Reverse break-up fees emerge in response to deal terminations

Even as economies pick up, dealmakers have maintained focus on managing the risk of broken deals

Lockdowns in 2020 brought a large uptick in terminated deals—and although broken deal rates have slowed, there has been a renewed focus from deal parties on how to protect themselves in the event of a deal termination.

There were more than 100 deal terminations recorded globally in Q2 2020, the highest quarterly total since 2018, according to Bloomberg Law. High-profile deals that were called off as a result of the pandemic included Ally Financial canceling its US$2.65 billion acquisition of CardWorks after a mutual agreement and real estate mall investor Simon Property Group initially abandoning plans to buy Taubman Centers for US$3.6 billion before agreeing to go ahead after agreeing a lower valuation.

Levels have since stabilized to 70 terminated deals in Q1 2021, but dealmakers continue to monitor broken deal risk closely.

Termination protection

Parties are moving to protect themselves from deal termination risk by negotiating for clear termination fee provisions in merger agreements. The inclusion of reverse break-up fees, which were relatively rare pre-pandemic, has become more common.

Reverse break-up fees are the result of negotiations. Some buyers may be more inclined than others to agree to pay such fees if, for example, there is regulatory approval required for the merger. Payment of a break-up fee, however, depends on the facts and circumstances of each deal.

White & Case, for example, advised healthcare and insurance provider Anthem following its terminated deal with Cigna. Cigna claimed that it was automatically entitled to a US$1.85 billion reverse break-up fee if the merger failed to obtain regulatory approval, unless Cigna caused the failure. But the Delaware Chancery Court and Delaware Supreme Court determined that Anthem was not obligated to pay the reverse break-up fee because Anthem terminated based on Cigna's breaches and did not have to prove Cigna caused the merger's failure.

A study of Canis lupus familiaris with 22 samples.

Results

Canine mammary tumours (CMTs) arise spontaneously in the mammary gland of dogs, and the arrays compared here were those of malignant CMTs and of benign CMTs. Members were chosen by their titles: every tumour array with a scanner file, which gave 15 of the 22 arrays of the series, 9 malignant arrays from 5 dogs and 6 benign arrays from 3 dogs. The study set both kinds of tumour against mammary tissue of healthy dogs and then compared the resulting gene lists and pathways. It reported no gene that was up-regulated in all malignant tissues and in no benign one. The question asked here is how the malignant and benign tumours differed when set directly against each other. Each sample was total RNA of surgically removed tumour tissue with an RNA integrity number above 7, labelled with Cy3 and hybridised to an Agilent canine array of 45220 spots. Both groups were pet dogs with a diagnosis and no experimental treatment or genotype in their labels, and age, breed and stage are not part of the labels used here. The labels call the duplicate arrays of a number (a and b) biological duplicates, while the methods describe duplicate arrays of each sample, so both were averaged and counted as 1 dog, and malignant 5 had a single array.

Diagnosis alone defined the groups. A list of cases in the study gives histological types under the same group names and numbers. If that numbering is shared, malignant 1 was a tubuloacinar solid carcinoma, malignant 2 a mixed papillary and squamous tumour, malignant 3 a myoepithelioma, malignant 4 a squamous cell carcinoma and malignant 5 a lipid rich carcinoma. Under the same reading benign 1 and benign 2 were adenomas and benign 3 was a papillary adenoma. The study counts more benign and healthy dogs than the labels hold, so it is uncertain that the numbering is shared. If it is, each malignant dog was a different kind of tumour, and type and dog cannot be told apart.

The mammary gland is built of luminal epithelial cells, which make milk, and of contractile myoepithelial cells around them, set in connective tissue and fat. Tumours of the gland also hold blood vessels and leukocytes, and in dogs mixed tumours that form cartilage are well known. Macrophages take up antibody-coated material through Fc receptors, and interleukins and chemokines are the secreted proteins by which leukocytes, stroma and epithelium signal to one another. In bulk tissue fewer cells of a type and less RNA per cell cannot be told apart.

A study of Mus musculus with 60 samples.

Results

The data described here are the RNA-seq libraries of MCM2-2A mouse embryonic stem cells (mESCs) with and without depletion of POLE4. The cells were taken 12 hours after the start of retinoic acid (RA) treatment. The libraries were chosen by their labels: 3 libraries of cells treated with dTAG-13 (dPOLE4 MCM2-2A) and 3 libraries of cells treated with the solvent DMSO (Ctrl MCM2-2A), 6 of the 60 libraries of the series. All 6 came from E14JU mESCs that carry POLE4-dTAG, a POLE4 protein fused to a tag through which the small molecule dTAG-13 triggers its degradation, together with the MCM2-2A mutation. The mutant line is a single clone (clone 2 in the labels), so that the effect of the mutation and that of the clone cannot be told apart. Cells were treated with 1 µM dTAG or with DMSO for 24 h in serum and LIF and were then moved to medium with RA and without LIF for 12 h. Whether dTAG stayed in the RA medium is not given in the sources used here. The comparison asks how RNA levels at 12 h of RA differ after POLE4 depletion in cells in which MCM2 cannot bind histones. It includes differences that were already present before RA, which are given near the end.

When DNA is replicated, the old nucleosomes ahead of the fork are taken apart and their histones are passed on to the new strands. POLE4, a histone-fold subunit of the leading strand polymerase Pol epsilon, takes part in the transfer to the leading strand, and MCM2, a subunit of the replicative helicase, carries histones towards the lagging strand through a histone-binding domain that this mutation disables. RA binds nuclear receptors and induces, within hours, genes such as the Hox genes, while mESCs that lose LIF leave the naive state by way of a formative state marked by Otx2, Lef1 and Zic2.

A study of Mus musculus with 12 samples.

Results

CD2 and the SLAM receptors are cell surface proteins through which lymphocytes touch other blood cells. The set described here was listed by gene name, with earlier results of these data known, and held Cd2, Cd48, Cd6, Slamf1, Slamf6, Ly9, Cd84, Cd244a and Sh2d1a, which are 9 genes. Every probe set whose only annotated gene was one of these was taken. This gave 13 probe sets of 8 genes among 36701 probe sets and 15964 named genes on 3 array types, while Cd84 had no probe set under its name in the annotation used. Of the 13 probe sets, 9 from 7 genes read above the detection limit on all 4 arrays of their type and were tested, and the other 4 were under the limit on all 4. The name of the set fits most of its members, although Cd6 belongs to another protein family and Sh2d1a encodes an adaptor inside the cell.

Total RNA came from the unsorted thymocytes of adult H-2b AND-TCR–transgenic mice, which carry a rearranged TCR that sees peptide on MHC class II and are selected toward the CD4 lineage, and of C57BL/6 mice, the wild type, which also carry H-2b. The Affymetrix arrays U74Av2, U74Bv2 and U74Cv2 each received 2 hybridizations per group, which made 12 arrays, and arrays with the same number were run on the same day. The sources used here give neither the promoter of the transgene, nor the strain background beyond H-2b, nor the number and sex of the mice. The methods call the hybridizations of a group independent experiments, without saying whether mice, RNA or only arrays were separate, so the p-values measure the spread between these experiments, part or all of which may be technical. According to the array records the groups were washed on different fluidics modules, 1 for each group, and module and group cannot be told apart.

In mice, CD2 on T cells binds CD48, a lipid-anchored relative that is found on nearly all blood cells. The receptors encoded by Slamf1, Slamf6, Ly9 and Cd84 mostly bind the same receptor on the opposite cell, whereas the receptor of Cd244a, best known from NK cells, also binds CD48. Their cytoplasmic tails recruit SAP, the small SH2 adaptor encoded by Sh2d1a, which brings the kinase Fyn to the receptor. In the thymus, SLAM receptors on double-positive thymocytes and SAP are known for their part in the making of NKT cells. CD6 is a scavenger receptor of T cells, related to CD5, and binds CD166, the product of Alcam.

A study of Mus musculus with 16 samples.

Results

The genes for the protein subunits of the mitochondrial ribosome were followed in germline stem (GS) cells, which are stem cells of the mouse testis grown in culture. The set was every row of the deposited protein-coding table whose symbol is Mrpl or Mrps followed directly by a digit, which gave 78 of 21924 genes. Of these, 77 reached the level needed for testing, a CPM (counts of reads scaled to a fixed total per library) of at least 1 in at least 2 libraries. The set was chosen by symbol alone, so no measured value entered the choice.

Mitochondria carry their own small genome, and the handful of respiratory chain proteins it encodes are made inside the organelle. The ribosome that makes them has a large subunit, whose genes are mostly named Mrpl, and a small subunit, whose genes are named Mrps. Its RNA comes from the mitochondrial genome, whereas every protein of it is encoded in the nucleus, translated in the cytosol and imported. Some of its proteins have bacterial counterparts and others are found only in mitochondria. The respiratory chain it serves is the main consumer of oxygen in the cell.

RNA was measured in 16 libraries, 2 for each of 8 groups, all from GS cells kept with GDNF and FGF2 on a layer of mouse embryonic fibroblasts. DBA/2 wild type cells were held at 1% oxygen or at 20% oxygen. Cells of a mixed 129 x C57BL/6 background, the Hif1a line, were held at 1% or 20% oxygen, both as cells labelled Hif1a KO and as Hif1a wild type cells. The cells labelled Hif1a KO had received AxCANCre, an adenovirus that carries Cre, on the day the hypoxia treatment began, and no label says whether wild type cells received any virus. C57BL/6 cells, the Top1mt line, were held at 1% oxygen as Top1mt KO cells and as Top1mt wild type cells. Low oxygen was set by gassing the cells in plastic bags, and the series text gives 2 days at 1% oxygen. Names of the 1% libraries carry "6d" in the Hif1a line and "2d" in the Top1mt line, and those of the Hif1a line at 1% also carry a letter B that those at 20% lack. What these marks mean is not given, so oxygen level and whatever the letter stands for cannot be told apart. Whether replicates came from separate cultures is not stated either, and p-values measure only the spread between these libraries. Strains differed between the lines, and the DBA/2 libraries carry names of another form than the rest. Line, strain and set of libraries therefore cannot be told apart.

The pandemic did not, however, trigger the anticipated deluge of broken deal litigation over the triggering of material adverse change (MAC) and material adverse effect (MAE) clauses. Although parties did pay close attention to whether MAE and MAC clauses were triggered in the market uncertainty following the first lockdown and whether there was cause of litigation, a desire to consummate transactions fast seemed to prevail in most cases.

SPACs and private equity firms with large sums of dry powder and demanding deployment schedules have pushed for deals to close, rather than pulling out of transactions as many expected.

But there could still be an unexpected flow of lawsuits alleging sponsor or director conflicts of interest and inadequate due diligence if any of these deals fail to deliver to expectations.